Tuesday, 4 October 2016

The Car Insurance Anomaly


An argument I see from time to time from libertarians is that "If it wasn't compulsory, car insurance would be much cheaper, and more competitively arranged, instead of being something the law compels you to purchase".

I think, on this occasion, people who make this claim are under a slight misapprehension. Whether something is a legal compulsion is not the determiner of how cheap it is - what determines prices is competition.

Even though car insurance is mandatory, there is plenty of competition among providers regarding prices. Therefore, as long as no politician looks to impose a price control on the industry, car insurance can operate contemporaneously under a system that legally mandates it, yet allows the competition to keep prices close to their market clearing rate.

Furthermore, something else of interest - from what I recall reading in Freakonomics, car insurance was one of those strange instances of a departure from the norm, whereby, actually, making it non-compulsory in one State (Philadelphia, as I recall) saw prices surge due to non-linear feedback effects.

This also isn't that surprising. To see why, let me explain about feedback effects. The general rule of feedback is that an event becomes part of a feedback loop where a cause and effect chain ends up with situations feeding back into the event. 

You have seen this happen in real situations – for example, when a guitar and speaker produce a sound loop between the audio input and the audio output we hear feedback effects. This is what happens in society too, and here are some examples. 

On the Internet an artist or a weblink can become hugely widespread by a sticking effect. A YouTube video with an unusually high number of hits may create an interest, meaning more hits 'because' of that interest, and this causes a sticking effect, where hits begets more hits, and so on.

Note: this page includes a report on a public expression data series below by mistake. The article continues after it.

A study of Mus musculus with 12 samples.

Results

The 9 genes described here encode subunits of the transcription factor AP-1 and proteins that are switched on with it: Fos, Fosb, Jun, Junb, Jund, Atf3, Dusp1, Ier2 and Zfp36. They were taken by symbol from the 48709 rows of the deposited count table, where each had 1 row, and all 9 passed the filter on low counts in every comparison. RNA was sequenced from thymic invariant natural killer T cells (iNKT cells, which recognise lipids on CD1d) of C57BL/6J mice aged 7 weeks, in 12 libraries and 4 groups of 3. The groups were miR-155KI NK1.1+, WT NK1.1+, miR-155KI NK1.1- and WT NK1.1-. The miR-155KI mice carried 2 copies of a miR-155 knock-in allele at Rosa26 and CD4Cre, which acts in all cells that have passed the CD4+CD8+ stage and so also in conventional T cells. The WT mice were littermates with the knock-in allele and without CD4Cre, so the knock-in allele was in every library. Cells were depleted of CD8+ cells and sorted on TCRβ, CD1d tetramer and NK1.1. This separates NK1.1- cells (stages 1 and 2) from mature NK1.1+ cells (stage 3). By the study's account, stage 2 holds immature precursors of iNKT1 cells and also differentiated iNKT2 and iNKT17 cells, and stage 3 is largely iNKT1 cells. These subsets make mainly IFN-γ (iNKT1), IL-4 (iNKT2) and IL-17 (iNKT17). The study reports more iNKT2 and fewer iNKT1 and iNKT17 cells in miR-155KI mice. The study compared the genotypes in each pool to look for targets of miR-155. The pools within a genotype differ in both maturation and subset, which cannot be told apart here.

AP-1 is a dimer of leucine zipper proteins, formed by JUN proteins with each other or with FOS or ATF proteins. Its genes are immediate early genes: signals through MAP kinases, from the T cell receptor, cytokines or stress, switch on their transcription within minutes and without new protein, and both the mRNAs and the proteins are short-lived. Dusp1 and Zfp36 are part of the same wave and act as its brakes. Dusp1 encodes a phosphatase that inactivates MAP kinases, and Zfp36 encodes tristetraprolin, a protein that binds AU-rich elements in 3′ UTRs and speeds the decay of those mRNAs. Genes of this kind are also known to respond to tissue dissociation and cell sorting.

For example, suppose 15,000 people happen to view a weblink (this may be a fairly random occurrence), the link may be passed on to an average of 7 people by each one of 80% of the people, meaning that by the second day it has been viewed by 75,000 people. Suddenly you have a lot of people wondering why this link has attracted so much attention - so people look to see what all the fuss is about. 

This then increases the weblink views, which then increase the interest further, which then knocks on to increase the viewing numbers further. In a very short space of time an arbitrary weblink can have huge popularity almost entirely on the basis that this sticking effect has occurred. Most of the views have been because others have been viewing it, and the greater the increase in views the greater the interest, and so on.

Here's another example.  As more people shop online, department stores lose custom. They compensate this loss by putting their prices up, meaning the remaining customers are hit with more expensive products, which means more will change to the cheaper option online, which means that to compensate the department stores hike their prices up even further, causing even more of their customers to choose the online option, and so on.

This same principle explains why, in all probability, if it wasn't compulsory, car insurance would not in actual fact be much cheaper, but probably more expensive. The logic is the same as above. If a US State introduces a policy of non-compulsory car insurance, there will be a reduction in drivers buying car insurance, with the knock on effect being that more drivers have to claim off their own insurance because the person who has hit them has no insurance. 

Because of this, insurance companies increase their premiums, which then prices out more drivers who chose to opt out of insurance buying. This increases the need for insurance companies to increase premiums further, which means more people do not insure their cars. One cause affects the other, and we see back and forth causal factors, leading to a situation like in Philadelphia where car insurance became discordantly high in comparison to the rest of the country.

The Philadelphia car insurance anomaly is a great example of this sticking effect - it has caused unnaturally high car insurance premiums in a place where there is no incommensurably high rate of accidents or car thefts. It is simply a mutually related causal activity where A increases B which then further increases A, and so on until it peaks and gives way to another factor.